Whatever the reasons, I'm a bit of a connoisseur of the columnist. My favorite, by far, is Carolyn Hax, who has a daily column in the Washington Post. I like her so much that I once, long ago, hauled myself all the way to DC to see her speak at Barnes & Noble. Her advice is clear and practical and thoughtful. (As an aside, I also really like Dear Margo on Yahoo and Dear Prudence on Slate. However, I find Ask Amy - from the Chicago Tribune - not so good. I think her advice is too colored by her own experiences and choices. Too biased.)
Anyway, this is a long way of saying that during Friday's live chat with Carolyn, she gave some advice that really resonates with me:
Anonymous: My 2008 goal is to try and find myself and my voice because I've been so wrapped up in living the life I should be living (versus the life I want to live). The problem is I've been living this life for so long, it seems I've lost my bearings. I have no idea what I am really interested in or how I truly feel about certain things. I have a hard time saying no and more times than not I don't put myself first. Any thoughts on rediscovery after being gone for so long?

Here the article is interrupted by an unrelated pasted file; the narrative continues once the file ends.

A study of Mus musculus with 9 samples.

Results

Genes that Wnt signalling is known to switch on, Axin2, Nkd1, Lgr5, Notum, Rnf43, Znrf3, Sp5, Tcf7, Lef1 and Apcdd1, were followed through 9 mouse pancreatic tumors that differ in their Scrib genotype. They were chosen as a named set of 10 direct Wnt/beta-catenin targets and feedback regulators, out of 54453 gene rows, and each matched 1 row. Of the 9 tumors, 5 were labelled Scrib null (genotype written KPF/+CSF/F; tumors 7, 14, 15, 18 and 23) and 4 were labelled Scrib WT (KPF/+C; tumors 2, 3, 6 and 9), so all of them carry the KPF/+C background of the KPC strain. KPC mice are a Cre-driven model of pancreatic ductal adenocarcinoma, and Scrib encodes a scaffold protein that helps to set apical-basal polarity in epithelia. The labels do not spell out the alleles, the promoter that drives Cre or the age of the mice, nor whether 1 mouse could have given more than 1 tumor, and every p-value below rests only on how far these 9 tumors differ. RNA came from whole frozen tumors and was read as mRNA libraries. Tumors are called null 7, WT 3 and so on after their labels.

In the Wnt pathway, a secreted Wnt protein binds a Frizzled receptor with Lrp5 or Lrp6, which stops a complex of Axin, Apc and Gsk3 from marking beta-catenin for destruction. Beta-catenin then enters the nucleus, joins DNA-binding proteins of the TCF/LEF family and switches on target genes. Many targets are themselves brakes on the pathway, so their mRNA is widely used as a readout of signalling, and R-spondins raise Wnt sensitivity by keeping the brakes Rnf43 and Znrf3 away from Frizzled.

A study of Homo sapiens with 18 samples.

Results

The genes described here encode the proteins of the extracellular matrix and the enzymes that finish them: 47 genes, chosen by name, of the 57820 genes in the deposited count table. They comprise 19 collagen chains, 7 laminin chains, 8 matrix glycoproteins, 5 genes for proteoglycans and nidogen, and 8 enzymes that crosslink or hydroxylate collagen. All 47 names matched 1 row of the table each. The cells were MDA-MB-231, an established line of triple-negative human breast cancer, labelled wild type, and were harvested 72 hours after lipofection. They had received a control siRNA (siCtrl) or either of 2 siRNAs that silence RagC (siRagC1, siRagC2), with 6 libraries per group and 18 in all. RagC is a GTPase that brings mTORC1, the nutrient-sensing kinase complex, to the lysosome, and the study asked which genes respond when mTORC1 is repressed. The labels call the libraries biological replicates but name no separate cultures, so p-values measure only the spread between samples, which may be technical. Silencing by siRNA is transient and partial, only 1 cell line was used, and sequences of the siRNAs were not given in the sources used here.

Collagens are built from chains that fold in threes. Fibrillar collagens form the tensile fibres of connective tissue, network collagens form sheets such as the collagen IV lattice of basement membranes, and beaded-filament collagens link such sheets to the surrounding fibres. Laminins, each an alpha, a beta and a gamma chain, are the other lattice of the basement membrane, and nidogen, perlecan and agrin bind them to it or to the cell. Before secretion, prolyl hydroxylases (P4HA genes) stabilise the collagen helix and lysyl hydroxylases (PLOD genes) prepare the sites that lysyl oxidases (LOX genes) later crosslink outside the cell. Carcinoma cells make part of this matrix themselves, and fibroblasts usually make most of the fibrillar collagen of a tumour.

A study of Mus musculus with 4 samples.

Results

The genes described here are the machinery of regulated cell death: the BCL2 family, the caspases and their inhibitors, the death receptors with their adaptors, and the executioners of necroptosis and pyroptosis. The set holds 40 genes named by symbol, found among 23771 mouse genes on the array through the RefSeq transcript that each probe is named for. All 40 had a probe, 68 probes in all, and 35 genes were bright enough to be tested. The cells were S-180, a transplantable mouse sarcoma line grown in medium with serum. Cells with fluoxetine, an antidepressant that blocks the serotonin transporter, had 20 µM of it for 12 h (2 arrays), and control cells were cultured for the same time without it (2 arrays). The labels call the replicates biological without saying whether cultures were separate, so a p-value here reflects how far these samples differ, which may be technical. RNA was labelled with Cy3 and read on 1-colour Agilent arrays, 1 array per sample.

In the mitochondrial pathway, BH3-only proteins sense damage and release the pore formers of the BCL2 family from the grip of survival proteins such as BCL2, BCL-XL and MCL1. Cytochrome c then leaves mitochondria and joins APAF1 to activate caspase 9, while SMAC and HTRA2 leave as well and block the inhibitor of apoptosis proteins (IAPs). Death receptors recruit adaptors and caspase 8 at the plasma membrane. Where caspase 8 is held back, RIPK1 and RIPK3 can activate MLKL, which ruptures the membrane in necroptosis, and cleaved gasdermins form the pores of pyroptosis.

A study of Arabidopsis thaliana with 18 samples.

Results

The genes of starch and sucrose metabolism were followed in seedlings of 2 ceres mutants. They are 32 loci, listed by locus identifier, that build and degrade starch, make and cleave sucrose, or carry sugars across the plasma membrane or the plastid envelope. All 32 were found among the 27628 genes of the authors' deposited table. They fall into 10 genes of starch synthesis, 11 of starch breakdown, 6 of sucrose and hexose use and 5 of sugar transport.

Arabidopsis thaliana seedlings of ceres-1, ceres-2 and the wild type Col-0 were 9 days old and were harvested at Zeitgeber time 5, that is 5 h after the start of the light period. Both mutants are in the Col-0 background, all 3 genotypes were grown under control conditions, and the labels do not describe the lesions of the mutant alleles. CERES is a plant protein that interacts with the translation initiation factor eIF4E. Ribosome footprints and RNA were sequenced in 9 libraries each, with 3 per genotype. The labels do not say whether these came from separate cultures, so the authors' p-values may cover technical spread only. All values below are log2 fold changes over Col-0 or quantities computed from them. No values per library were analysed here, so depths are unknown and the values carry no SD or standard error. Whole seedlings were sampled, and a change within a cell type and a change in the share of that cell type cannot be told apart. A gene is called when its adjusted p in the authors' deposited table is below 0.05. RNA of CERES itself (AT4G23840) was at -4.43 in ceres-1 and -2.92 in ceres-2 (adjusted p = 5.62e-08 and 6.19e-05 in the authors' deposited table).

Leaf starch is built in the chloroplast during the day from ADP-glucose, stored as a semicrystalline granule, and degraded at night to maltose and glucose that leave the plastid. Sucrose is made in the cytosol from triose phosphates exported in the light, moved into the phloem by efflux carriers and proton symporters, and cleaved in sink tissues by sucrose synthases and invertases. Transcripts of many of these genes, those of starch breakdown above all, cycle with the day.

Carolyn Hax: Little things. Picking a restaurant, for example, deciding what to wear when you go, picking something from the menu--all these are minor expressions of self that have negligible consequences for any one night but that start to express something over time (your tastes, your weight, your self-image, your companionship). It's in these small and therefore low-risk decisions that you can start to learn where you feel a sense of belonging, and from that a sense of yourself. Food, again, is just an example--the reasoning applies to all your daily decisions. The point is to making conscious changes at this level to nudge your confidence up to the point where you feel you can make stronger statements/bigger investments, like taking a class, joining a group, making a friend.
This notion of food as an indicator and agent of change makes so much sense to me - hearing it from her in the form of advice, validates a lot of what I've come to think, after two years of writing it out, about the role of food in life and the power of food to shape our thinking and behavior. It also directly connects to something I blogged about last May: research that explained why my ability to easily make small decisions, like about what to cook for dinner, made me a happier person in general.